The murder of six-year-old Wadea Al Fayoume, a Palestinian-American boy living near Chicago, on Saturday was a heinous act committed with a brutality that matched the killing of so many children in Israel and Palestine since October 7.
The office of the local sheriff says the suspected murderer, 71-year-old Joseph Czuba, stabbed Wadea more than two dozen times with a large, serrated knife. Mr Czuba is also accused of stabbing Wadea’s mother, Hanaan Shahin. Police say he targeted the pair “due to them being Muslim and the ongoing Middle Eastern conflict involving Hamas and the Israelis”. In this context, Wadea Al Fayoume is another victim in the terrible violence in the Middle East, that spans decades, not just this month.
Hundreds of children’s lives – Palestinian and Israeli – have been lost in the past 10 days, first in Hamas’s killing spree and many more in the relentless, indiscriminate Israeli bombing of Gaza that ensued. The images of these dead children have been politicised and weaponised as part of the campaigns led by the Israeli government and Hamas to draw support for their respective causes. Last week, the Israeli government’s official account on X, formerly known as Twitter, published a graphic photo of a dead Israeli infant’s body, even as the country’s air strikes had by then killed more than 300 Palestinian children in Gaza. Hamas, for its part, has not only taken Israeli children as hostages, but instructed Gazan civilians to remain in the northern half of the Gaza Strip, where Israel’s bombing campaign is focused, seemingly oblivious to the fear that doing so would expose many more young lives to mortal peril.
The continued slaying of so many children, followed by calculated efforts to transform their memories into a clarion call for further bloodshed, disgraces any righteous anger and disrespects victims’ families. For all but the families of those killed – particularly governments and those watching the conflict from overseas – these deaths ought to inspire only grief, empathy and greater resolve for peace.
But that reaction has been far too rare among many western politicians who have stumbled over themselves to paint an iniquitous portrait of victimhood that justifies an indiscriminate bombing campaign in Gaza. The poisonous atmosphere fomented in the past week directly led to young Wadea’s murder, in his own home, in the very fashion of the Hamas attack that was used by his killer to justify his hatred.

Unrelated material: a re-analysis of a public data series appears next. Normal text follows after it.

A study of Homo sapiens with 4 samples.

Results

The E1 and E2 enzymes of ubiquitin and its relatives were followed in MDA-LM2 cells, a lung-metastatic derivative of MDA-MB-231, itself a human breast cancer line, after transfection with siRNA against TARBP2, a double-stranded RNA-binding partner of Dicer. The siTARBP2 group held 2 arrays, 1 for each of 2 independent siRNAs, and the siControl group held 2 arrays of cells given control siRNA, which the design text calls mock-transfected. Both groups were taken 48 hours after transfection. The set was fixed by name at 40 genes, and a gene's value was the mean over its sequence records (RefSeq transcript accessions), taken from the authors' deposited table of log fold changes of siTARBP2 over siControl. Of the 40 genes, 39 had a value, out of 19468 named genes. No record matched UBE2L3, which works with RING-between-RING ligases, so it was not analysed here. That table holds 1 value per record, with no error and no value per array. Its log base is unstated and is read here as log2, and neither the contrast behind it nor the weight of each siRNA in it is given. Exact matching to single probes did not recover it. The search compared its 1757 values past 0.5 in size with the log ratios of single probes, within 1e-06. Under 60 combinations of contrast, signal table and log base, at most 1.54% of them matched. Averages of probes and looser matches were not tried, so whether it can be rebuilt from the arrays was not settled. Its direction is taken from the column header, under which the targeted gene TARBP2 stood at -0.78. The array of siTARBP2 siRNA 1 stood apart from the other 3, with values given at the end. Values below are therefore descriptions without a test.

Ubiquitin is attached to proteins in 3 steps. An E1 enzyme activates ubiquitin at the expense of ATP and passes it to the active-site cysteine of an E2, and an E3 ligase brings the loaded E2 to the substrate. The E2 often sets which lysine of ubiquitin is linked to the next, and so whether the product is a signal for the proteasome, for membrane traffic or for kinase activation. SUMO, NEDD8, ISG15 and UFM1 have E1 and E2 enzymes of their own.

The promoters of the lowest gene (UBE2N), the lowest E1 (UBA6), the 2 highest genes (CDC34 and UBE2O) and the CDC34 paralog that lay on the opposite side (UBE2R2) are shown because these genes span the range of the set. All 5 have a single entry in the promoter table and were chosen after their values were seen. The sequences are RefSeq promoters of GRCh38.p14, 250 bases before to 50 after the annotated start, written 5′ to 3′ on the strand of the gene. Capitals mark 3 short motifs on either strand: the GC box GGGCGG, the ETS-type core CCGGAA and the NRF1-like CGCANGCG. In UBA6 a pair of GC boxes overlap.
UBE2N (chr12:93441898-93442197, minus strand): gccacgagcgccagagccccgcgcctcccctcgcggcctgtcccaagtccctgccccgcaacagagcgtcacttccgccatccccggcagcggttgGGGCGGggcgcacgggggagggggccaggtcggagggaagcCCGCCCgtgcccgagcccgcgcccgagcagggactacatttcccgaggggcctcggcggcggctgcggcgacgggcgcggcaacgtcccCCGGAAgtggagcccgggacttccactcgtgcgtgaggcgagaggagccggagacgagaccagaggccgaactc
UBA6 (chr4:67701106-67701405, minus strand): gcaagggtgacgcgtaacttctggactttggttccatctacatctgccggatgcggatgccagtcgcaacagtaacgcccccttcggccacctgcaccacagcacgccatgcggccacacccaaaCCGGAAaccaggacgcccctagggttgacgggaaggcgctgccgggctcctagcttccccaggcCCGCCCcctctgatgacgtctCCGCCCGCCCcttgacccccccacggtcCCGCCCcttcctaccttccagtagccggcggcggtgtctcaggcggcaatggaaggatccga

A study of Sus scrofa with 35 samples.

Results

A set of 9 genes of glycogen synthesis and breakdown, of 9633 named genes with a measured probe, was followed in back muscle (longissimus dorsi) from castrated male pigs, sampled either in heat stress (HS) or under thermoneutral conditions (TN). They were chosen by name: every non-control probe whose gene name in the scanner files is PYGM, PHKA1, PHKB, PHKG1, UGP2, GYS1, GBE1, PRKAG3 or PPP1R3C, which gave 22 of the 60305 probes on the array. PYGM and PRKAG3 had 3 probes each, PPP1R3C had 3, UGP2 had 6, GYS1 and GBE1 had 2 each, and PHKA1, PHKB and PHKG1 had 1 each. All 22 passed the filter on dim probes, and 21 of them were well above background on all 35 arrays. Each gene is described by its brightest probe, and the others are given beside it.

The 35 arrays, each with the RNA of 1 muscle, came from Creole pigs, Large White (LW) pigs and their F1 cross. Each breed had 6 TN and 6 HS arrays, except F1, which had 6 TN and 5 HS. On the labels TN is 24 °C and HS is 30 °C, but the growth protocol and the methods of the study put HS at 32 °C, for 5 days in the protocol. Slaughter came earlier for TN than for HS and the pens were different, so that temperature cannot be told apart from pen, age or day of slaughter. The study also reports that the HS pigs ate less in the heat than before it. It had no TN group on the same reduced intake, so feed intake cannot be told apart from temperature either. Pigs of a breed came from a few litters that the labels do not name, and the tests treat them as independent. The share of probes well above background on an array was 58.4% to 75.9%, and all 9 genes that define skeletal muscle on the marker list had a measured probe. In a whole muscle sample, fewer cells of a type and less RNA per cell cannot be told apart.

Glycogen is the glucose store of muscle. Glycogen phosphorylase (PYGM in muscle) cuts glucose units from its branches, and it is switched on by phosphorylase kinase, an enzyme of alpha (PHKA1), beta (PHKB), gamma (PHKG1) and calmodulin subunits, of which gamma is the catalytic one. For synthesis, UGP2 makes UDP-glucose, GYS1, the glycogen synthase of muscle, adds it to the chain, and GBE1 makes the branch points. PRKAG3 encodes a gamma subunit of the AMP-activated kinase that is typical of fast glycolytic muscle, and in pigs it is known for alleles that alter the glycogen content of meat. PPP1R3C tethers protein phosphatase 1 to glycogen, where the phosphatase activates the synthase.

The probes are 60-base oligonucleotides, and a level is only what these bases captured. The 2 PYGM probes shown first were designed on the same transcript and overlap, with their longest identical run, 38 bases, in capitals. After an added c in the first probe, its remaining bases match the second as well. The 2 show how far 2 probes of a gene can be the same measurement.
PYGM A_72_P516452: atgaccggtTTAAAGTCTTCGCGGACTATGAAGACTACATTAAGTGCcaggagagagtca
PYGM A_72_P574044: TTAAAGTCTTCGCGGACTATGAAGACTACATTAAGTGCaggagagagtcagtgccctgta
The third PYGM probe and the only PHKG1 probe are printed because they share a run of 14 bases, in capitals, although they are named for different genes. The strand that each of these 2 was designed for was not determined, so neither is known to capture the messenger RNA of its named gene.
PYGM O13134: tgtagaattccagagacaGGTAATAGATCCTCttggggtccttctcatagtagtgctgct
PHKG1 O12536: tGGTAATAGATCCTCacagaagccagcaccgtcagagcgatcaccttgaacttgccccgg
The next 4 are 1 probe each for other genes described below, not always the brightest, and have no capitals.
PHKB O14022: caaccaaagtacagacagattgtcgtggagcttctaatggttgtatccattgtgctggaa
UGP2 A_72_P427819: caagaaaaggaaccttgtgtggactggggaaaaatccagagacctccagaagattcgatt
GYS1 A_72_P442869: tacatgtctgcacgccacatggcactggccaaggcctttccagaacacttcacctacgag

This will rightly frighten and alarm not only Arabs and Muslims in the West, but also other minority communities, including Jews, who have also been the target of vile hate crimes recently.
US President Joe Biden says he is “sickened” by Wadea’s killing, and American law enforcement agencies have promised vigilance. But the police cannot be everywhere at once, and the war in Israel and Palestine is exacerbating underlying prejudices. Racism, Islamophobia and anti-Semitism did not begin with the Middle East conflict, but this latest war has already shown how a polarised atmosphere can have direct, and murderous, consequences.
Many countries right now are the scene of emotional and angry street protests and counter protests. Although these attract many people who are sincere in their horror at what is happening in Gaza and elsewhere, there are also those who opportunistically use them to spread hatred or peddle a simplistic view of the conflict in which there are no innocents on the other side.
Those with authority or influence must be vigilant with their words. This does not mean having to water down their political positions, but it does mean taking an explicit stance against hatred and dehumanisation. And they must, in their attitude towards those prosecuting this war, be aware that what transpires in Palestine and Israel will reverberate far afield. Wadea Al Fayoume’s murder was a ghastly crime, but actions that add to the death toll of children in this conflict should be equally unconscionable.